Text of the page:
Blood Journey Blood History Blood Basics Innovators and Pioneers Education Ask the Experts
Phase 1 Phase 2 Phase 3 Phase 4 Phase 5 Phase 6

Man's face
As always, blood continues to flow through our lives.
Blood transfusions have come a long way. The first transfusion, in the 17th century, attempted to heal a man with the blood of a calf. Since then, human-to-human transfusion efforts were often marred by incompatible blood types, problematic clotting, the inefficacy of relying on direct transfusions, and other stumbling blocks. In time, dedicated physicians, researchers, and administrators overcame these challenges, and blood is safer than ever.

Blood cells Article:

The Patients ... and the Future
After transfusion, the cycle continues.
Only through the dedication of healthy, volunteer blood donors can we maintain an adequate and safest-possible supply.

On this journey we have come a long way, too. We began at the microscopic level, within the bone marrow; we followed blood flowing through the body, delivering oxygen where it is needed; leaving the body, by way of a needle, directly into a bag; from storage facilities to a hospital; and, eventually, back into another body -- a body desperate for more blood.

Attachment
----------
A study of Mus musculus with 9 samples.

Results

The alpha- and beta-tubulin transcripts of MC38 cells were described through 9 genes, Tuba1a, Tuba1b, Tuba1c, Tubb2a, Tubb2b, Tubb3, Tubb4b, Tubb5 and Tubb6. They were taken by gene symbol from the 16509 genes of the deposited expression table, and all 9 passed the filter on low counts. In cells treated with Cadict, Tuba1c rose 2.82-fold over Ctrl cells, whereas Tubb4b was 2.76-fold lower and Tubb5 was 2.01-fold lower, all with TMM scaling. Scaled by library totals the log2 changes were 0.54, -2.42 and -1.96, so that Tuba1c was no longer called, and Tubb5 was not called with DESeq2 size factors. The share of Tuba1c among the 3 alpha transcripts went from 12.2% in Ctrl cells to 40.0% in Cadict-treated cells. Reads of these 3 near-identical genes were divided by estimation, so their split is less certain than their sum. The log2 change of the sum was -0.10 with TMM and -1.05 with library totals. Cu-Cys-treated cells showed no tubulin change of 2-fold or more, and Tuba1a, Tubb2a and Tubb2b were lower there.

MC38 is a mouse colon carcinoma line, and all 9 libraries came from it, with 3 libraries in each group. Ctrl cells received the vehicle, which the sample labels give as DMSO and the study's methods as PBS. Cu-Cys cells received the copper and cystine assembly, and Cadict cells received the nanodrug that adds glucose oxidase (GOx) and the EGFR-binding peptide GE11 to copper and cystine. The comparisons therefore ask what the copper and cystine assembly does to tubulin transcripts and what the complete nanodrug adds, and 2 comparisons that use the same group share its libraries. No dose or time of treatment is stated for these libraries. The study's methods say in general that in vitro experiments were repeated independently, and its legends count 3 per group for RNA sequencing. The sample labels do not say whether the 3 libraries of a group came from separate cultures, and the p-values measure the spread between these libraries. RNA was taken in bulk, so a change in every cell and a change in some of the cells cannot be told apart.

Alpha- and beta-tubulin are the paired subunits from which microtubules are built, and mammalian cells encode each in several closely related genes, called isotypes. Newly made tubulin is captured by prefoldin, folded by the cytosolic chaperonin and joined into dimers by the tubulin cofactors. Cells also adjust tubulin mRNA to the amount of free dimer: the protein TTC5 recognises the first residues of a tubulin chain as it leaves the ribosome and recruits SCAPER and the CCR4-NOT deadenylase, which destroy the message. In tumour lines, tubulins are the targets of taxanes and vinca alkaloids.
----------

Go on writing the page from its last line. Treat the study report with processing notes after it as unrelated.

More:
We hope you have enjoyed your journey. The final stage is the blood quiz, an informal assessment of how much you have learned. The answers to each of the questions can be found within the RED GOLD Web site. Enjoy!

Quiz - Test Your Blood I.Q.
Blood in test tubes

Drawing of nun treating patient

Then:Prior to 1910, bleeding to death was not uncommon, especially during childbirth, surgery, and among hemophiliacs.

Now:Millions of people receive blood transfusions annually in the U.S. alone.

Photos: Blood cells (detail), from RED GOLD: THE EPIC STORY OF BLOOD, courtesy of Dr. Christopher Ellis; and nun bleeding man with leeches, courtesy of the National Library of Medicine.